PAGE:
Wes Hauch is a monster on the guitar. As a member of The Faceless he cut an imposing figure of shredsmanship. As touring guitarist with They Art is Murder he fit right in. You’ve seen his great pickup demo videos and if you’re no doubt waiting with excitement for his forthcoming collaboration with Keith Merrow. And now he’s joined Black Crown Initiate. (“It’s a really rare and awesome thing if you’re able to find a group of dudes that you can genuinely get along with,” Wes says. “It’s even more rare if your musical tastes and goals are congruent. I can definitely say that’s the case right now in Black Crown Initiate and I’m very grateful. Things are great and I’m looking forward to the the future.”) But 2016 also sees the release of Wes’s new signature model guitar with Schecter, the Wes Hauch PT-7 FR. We cornered Wes recently to get the word on his new axe.
Dude, tell me about this new guitar.
About a year ago Schecter hit me up and asked me if I wanted to do a signature guitar and I was like “Yeah, right.” Because I guess when I was growing up, guys who had signature guitars had a lot of other stuff in place. They’ve had a bunch of records under their belt and they’ve had a good stock of material and stuff, and up until this point I’ve really just played in bands and learned other peoples’ music. So I didn’t wanna do it for a minute because I felt unworthy of doing it. Then months went by and I thought “Man, if I don’t do it, I’ll be that 65-year-old guy in a bar some day telling some kid “Aww I coulda had a signature guitar but I didn’t.” So it’s a PT with a Floyd on it, a really, really good Floyd with some stainless upgrades. It’s got a super flat fretboard. I’ve got pretty big hands so I like my string spacing to be pretty wide. 25.5” scale which I guess is a little bit different for Schecter because Schecter is known for having baritone seven-strings. So having a 25.5” seven-string for them is new, especially a bolt-on one.
I got the first prototype about six months ago and I ended up doing a lot of recording with it. If anyone doesn’t know, I have been working on a record for the last year with Erik Ruttan from Hate Eternal and my good friend Keith Merrow, and we made a real dark and pissed-off metal record. It’s kinda like… the first thing that I can really call my own, y’know? So this guitar coming out along with this music coincides nicely. It’s kind of serendipitous in a way.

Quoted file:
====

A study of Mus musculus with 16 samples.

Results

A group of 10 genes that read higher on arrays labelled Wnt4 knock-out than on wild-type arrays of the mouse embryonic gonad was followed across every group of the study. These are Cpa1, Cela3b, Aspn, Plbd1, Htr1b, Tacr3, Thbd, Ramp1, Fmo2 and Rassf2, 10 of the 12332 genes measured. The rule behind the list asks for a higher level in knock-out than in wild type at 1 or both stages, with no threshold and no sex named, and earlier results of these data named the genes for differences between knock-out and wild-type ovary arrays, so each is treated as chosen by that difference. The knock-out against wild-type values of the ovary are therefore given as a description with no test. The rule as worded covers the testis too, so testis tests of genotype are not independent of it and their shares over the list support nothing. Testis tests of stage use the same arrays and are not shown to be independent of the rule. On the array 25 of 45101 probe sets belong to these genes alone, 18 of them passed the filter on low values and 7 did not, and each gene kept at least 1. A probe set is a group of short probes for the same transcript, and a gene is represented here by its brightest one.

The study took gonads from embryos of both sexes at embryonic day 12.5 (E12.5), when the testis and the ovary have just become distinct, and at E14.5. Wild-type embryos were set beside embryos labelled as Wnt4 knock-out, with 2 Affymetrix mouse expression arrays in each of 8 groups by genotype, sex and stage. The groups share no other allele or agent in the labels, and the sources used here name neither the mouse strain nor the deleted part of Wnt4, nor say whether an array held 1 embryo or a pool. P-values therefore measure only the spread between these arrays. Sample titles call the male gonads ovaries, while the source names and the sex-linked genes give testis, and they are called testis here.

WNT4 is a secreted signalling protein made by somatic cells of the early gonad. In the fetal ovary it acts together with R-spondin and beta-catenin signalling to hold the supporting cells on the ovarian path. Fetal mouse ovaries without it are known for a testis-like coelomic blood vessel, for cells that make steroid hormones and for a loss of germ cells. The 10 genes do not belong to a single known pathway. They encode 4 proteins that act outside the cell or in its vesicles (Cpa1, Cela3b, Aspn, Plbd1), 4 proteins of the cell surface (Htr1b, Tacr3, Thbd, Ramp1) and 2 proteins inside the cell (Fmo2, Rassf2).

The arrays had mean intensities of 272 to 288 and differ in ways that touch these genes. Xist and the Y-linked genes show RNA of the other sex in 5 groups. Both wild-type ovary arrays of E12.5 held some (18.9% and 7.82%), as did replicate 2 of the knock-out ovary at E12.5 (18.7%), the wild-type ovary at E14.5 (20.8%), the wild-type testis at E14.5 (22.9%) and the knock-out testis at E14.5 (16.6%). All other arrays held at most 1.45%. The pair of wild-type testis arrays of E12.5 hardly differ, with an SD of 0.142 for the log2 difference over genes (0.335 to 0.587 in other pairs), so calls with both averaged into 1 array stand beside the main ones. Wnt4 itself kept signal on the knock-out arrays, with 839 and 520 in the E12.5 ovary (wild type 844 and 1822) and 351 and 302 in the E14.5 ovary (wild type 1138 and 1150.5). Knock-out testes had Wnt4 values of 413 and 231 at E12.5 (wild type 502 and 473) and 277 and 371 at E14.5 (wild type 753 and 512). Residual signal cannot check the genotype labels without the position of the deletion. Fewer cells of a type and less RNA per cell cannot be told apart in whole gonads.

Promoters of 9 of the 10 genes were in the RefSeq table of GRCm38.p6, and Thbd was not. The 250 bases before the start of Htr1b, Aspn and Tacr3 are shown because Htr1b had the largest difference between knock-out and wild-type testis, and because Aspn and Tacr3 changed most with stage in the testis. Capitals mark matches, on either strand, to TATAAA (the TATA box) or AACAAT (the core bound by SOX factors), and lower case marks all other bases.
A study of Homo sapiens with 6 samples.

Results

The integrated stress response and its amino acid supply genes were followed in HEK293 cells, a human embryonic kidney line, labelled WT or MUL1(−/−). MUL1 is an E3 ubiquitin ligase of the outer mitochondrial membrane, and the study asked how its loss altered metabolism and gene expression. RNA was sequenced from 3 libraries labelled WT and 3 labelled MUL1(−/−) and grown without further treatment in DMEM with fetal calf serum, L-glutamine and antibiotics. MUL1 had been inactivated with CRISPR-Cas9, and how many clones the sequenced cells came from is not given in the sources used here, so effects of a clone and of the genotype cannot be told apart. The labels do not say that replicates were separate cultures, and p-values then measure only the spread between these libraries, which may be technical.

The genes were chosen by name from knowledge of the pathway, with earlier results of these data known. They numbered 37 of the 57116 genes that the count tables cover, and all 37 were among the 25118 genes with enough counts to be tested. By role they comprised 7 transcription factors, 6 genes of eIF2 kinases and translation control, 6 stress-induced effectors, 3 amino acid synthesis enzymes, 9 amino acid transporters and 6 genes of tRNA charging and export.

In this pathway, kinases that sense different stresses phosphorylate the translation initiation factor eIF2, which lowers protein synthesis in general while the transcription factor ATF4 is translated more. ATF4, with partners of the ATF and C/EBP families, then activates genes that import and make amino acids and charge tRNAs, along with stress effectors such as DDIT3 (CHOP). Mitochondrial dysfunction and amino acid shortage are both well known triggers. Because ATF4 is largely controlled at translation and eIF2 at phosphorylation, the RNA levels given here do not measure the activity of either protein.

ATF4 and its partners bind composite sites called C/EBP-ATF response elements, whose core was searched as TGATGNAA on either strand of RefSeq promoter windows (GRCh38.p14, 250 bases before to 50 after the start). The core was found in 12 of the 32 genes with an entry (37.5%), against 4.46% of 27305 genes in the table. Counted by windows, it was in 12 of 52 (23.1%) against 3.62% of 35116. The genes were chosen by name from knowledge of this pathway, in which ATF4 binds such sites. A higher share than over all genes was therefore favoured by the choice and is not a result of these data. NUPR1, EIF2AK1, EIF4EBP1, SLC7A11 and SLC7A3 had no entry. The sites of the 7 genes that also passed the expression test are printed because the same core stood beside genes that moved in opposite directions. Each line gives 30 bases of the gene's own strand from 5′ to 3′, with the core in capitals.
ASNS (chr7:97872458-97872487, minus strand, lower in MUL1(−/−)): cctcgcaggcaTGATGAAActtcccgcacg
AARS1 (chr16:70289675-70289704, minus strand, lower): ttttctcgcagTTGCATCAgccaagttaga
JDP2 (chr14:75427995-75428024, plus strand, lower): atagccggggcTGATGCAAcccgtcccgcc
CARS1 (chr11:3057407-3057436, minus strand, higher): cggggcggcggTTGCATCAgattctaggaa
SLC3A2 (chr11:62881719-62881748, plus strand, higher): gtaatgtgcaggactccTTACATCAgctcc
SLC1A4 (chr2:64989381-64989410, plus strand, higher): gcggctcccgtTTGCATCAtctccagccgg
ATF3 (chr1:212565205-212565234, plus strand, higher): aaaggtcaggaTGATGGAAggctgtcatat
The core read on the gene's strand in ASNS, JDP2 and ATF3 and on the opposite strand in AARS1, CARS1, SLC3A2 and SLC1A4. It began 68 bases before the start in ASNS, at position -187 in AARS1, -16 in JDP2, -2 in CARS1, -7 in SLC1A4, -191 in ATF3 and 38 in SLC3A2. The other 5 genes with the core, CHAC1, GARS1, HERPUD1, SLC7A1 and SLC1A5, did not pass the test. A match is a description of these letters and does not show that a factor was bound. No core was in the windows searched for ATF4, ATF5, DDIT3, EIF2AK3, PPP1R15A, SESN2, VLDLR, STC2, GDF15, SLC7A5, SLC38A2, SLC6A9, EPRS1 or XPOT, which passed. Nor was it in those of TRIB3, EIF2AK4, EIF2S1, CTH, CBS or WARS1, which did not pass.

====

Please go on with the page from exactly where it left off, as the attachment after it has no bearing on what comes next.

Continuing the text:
On the Duncan side of things it’s got a Pegasus in the bridge. I like an Alnico bridge pickup, and that’s an Alnico 5 magnet. I really like a PAF but the Pegasus is an Alnico thing with a bit of a modern edge. And then there’s a Sentient in the neck. The guitar has an Ash body, stainless steel frets, reverse headstock. It’s a guitar that I find to be very inspiring. Maybe in a lot of ways I’ve kinda bastardized the PT shape because it was meant to be a very bare-bones guitar. Y’know what they say about Teles: “It’s a chopping board with a baseball bat attached to it.” It’s supposed to be that but I put a Floyd on it and then humbuckers and an extra string. But I think a lot of people are going to enjoy it.
Knowing what a big Dimebag fan you are, when I first heard you were getting a signature guitar I thought ‘This is probably going to be a cool take on a Dimebag shape.’
Yeah! I mean dude, the bottom line is, those guitars are so iconic that really nobody can get away with playing them. I mean I love an Explorer-shaped guitar or the Dime-shaped guitar but you can’t really get away with playing one of those things and playing the kinda licks that I like to play and still be taken as an individual.
So what are your musical goals right now?
My personal goal is to go out and play rock shows with it. That’s a thing that is going to be an uphill battle because Erik is a producer, he has a studio, he’s doing records all the time and he also has a band with a large fanbase. And Keith works for Seymour Duncan, so being able to balance that kind of stuff and make it a thing that we can go out and bring to the world is something I want to do next. The obvious one is if Schecter has us go out and do clinics. Talking about gear and playing is something that comes very naturally to me. The bottom line is that I enjoy playing guitar and that’s why I’m here.